Built to Last

As landfill space becomes scarcer, states and municipalities are thinking creatively about disposal alternatives, especially for one of the largest sources of solid waste: construction and demolition (C&D) debris.

More than 130 million tons of C&D debris are discarded each year, according to the U.S. Environmental Protection Agency. A surprising amount of that material is reusable. For example, a manufacturer may mistakenly make a window or woodwork order to the wrong specifications. No one benefits when materials like these are reduced to trash.

In July 2006, the Massachusetts Department of Environmental Protection banned asphalt pavement, brick, concrete, metal and wood from disposal in state landfills. A San Francisco law took effect around the same time, mandating that construction waste be sent to recycling facilities. The trend toward “greener” design and construction includes minimizing waste and creating a waste management plan for each job, including recycling and reuse.

Contractors can choose source separation, which involves placing materials in separate containers at the job site, or commingled recycling, placing all recyclables in a single container. Source separation means lower tipping fees, but involves more containers, signage and communication with crew members.

“It's one thing to ban, but it's just as important to also mandate the use of building materials with recycled content,” says William Turley of the Construction Materials Recycling Association (CMRA), a industry group based in Eola, Ill. “That way the market is working in favor of recycling.”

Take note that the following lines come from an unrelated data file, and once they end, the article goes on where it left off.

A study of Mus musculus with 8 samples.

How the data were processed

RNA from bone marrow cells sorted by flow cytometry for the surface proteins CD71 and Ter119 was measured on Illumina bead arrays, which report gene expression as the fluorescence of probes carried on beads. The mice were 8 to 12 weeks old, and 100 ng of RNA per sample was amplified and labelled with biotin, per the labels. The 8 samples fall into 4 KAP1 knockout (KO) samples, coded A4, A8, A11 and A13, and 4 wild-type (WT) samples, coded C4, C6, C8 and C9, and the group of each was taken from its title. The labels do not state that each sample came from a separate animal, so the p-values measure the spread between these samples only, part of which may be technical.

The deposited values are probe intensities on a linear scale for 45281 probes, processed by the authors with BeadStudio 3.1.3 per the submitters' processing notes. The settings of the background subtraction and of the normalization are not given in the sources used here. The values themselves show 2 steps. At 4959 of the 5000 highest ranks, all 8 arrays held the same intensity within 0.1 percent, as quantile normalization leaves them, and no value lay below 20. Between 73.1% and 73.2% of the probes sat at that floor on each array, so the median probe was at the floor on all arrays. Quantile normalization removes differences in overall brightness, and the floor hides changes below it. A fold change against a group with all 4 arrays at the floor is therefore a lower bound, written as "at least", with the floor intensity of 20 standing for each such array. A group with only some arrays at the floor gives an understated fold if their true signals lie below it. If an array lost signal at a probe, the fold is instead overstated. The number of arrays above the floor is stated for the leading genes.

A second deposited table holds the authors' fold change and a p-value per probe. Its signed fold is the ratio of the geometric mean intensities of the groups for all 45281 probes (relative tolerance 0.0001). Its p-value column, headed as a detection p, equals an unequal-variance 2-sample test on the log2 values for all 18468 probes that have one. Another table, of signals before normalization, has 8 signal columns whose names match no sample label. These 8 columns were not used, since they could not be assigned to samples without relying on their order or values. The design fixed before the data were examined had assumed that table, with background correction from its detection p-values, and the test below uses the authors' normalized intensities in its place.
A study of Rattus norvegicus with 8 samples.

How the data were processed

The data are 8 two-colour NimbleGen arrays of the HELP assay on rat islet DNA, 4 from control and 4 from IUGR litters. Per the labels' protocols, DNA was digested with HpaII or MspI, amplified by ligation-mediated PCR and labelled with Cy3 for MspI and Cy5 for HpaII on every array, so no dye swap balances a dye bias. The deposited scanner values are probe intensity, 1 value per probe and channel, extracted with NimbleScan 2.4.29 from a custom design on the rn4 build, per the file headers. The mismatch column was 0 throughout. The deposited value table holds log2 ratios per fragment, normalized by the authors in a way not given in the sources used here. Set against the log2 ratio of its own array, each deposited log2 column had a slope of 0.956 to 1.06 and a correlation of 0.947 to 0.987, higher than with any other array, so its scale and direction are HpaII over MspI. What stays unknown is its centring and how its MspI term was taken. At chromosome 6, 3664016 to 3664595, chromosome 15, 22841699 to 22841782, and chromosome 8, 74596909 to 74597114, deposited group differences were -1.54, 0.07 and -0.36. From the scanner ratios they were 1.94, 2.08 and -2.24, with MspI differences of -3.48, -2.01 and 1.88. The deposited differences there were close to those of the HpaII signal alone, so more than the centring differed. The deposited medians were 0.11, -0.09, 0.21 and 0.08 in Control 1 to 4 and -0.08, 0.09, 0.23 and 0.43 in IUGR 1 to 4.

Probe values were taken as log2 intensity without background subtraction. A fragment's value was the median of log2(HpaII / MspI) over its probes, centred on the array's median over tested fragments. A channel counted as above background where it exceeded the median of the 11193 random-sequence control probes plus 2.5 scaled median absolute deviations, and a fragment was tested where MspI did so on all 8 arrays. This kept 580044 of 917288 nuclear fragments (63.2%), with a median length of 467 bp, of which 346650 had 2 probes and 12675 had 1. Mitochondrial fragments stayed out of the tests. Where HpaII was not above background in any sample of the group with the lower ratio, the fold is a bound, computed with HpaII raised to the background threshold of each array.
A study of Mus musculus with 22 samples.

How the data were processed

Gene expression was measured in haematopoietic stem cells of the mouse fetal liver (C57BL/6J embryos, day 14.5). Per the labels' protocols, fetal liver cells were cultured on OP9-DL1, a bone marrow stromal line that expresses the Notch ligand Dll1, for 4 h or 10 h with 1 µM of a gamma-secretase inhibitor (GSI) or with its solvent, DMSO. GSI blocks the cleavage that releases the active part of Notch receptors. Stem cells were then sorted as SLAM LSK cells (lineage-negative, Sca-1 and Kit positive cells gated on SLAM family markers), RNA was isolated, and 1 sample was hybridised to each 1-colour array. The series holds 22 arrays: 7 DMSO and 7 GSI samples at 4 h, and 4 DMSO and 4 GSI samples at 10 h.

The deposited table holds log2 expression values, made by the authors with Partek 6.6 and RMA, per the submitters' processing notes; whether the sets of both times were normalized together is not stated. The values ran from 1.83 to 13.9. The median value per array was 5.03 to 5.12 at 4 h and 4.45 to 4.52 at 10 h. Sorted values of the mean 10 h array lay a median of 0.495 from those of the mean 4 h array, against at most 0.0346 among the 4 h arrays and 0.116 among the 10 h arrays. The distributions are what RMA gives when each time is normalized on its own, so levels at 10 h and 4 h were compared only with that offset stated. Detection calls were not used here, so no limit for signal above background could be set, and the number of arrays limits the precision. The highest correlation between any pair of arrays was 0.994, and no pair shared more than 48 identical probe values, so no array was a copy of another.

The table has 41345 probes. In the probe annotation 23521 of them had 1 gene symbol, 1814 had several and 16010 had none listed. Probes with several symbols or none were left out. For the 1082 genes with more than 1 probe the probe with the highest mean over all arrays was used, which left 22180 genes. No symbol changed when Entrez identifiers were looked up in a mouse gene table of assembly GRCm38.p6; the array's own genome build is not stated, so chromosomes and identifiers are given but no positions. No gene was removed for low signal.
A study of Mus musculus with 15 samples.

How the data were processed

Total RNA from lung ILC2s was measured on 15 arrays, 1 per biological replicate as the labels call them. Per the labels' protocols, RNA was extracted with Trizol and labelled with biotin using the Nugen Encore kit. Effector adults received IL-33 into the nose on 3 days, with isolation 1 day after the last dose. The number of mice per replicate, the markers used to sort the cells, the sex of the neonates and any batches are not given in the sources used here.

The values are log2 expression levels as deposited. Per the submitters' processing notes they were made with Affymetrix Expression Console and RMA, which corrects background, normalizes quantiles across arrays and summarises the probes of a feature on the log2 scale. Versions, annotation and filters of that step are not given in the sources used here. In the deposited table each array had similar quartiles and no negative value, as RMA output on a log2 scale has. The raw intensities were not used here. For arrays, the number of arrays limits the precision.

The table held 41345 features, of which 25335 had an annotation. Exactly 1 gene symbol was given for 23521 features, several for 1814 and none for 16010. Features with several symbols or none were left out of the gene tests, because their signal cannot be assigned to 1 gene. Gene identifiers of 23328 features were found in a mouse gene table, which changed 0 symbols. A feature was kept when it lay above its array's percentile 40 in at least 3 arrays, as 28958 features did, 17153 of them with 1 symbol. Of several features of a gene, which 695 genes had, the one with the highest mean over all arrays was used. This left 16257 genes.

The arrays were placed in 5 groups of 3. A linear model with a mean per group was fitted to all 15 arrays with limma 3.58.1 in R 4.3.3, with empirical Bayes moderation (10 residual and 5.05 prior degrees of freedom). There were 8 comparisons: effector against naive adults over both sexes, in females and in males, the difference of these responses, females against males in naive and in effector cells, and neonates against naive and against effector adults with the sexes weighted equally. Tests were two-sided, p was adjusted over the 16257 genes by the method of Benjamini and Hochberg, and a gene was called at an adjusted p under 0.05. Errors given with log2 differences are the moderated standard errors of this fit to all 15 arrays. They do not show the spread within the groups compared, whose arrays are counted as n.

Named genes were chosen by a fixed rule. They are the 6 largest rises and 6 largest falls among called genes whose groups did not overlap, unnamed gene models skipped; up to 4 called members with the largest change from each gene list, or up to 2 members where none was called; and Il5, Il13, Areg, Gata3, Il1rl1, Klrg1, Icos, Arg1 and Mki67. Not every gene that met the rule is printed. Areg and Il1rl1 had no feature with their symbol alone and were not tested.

Examples of such materials include landscaping material made from crushed and tumbled porcelain, retaining wall blocks that include recycled plastic aggregate and siding made with recovered wood fiber. Building projects that have made use of recycled-content materials include the restored Cambridge, Mass., City Hall Annex (steel framing, carpet, ceilings); The Crossings conference center in Austin, Texas (concrete containing fly ash, wood/plastic decking); Rinker Hall at the University of Florida (steel components, cellulose wall insulation, ceilings) and two McDonald's restaurants in Kent and Lynden, Wash. (copper roofing, aluminum windows).

Finding a market for “fines” (small pieces of waste material) has proven challenging to Massachusetts waste processors. Mixed-debris processors use screening systems to pull out fines, but need markets for them. “Commodities extracted from the waste stream must offset the cost it takes to separate and process the material so that recyclers can compete with local landfills, incinerators or exportation out of state,” notes Greg Wirsen of Green Seal Environmental in Sandwich, Mass., director of CMRA's New England chapter.

Potential uses for fines include as aggregate for the base of a road or building, or shaping and grading. The bottom line, Turley says, is that an “economically viable home” is needed for all types of C&D waste.

Happily, removing some materials from the waste stream also give low-income homeowners an affordable way to repair their homes. Architectural materials in excellent condition can be donated to a reuse center. At the Building Materials Resource Center in Boston, more than 1,200 customers each year purchase materials to improve their homes and communities.

As recycling moves beyond the blue bins in homes to the materials used to construct homes, waste disposal can no longer be an afterthought. All aspects of the recycling loop will come into play as the trend toward C&D recycling takes hold.

Deb Beatty Mel is assistant director of the Building Materials Resource Center, a nonprofit organization in Boston that accepts donations of high-quality reusable materials and makes them available at deep discounts to income-eligible homeowners.